Interlibr federates repositories of rules providing the facility for rule-takers to match rules that are applicable to their data and to apply those rules over their data. An index of rules is maintained by Interlibr and provided to rule-takers. This index enables a basic matching algorithm to be run by the rule-taker:
A rule is effective if it matches the jurisdiction (country and region) specified in a transaction. If effective dates and times are specified in the expression of the rule, then the date and time in the transaction must fall within this effective period.
A rule is applicable if applying the rule would recommend changes to the information offered in the transaction. When writing the rule, the rule-maker supplies a set of conditions on the transaction data that would indicate whether their rule would recommend changes when those conditions are met. For example, a rule that calculates a conditional value-added tax might require that the transaction data include fields that specific price and product classification.
On first glance, it seems as if effective and applicable are very similar and could possibly be expressed in a single manner. Therefore, we should consider why the two different ideas exist.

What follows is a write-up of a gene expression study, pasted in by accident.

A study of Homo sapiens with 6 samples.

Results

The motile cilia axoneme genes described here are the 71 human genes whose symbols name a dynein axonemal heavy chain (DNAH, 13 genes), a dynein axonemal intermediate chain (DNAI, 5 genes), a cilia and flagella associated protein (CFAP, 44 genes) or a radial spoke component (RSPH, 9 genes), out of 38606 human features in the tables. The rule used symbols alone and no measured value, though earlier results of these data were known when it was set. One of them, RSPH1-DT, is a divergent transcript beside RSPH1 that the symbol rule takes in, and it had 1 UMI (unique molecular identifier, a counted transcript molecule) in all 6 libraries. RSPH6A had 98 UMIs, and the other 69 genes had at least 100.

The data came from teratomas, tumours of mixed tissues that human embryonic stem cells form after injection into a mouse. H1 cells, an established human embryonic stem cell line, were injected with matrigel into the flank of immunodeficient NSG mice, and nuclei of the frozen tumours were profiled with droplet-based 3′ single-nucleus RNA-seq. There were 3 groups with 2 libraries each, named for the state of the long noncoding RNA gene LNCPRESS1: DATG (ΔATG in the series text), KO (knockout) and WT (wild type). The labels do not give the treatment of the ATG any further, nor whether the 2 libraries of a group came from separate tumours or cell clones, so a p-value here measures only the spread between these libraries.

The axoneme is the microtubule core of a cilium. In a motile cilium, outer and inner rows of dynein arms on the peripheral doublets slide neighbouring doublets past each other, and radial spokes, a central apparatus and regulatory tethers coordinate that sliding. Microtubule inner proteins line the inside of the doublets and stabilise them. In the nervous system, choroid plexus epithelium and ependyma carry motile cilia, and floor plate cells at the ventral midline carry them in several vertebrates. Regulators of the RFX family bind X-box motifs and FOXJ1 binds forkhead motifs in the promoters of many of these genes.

The rules that are indexed by Interlibr are each entries in a large ontology classified according to industry, jurisdication, time, etc. The effectiveness of a rule is a form of meta-organization within this ontology. Rule-makers are able to use this classification to broadly partition documents that will be processed. Therefore, in-effect is the classification of a rule.
Each individual rule represents a very small program or computation. As part of the expression of this computation, we can indicate what types of data a rule will affect. Knowing whether a rule will result in anything allows us to eliminate rules that do nothing, saving computation time. To do this pruning, specific information about the rule and specific introspection of the transaction data is required. Therefore, we intentionally perform this second partition as a distinct phase.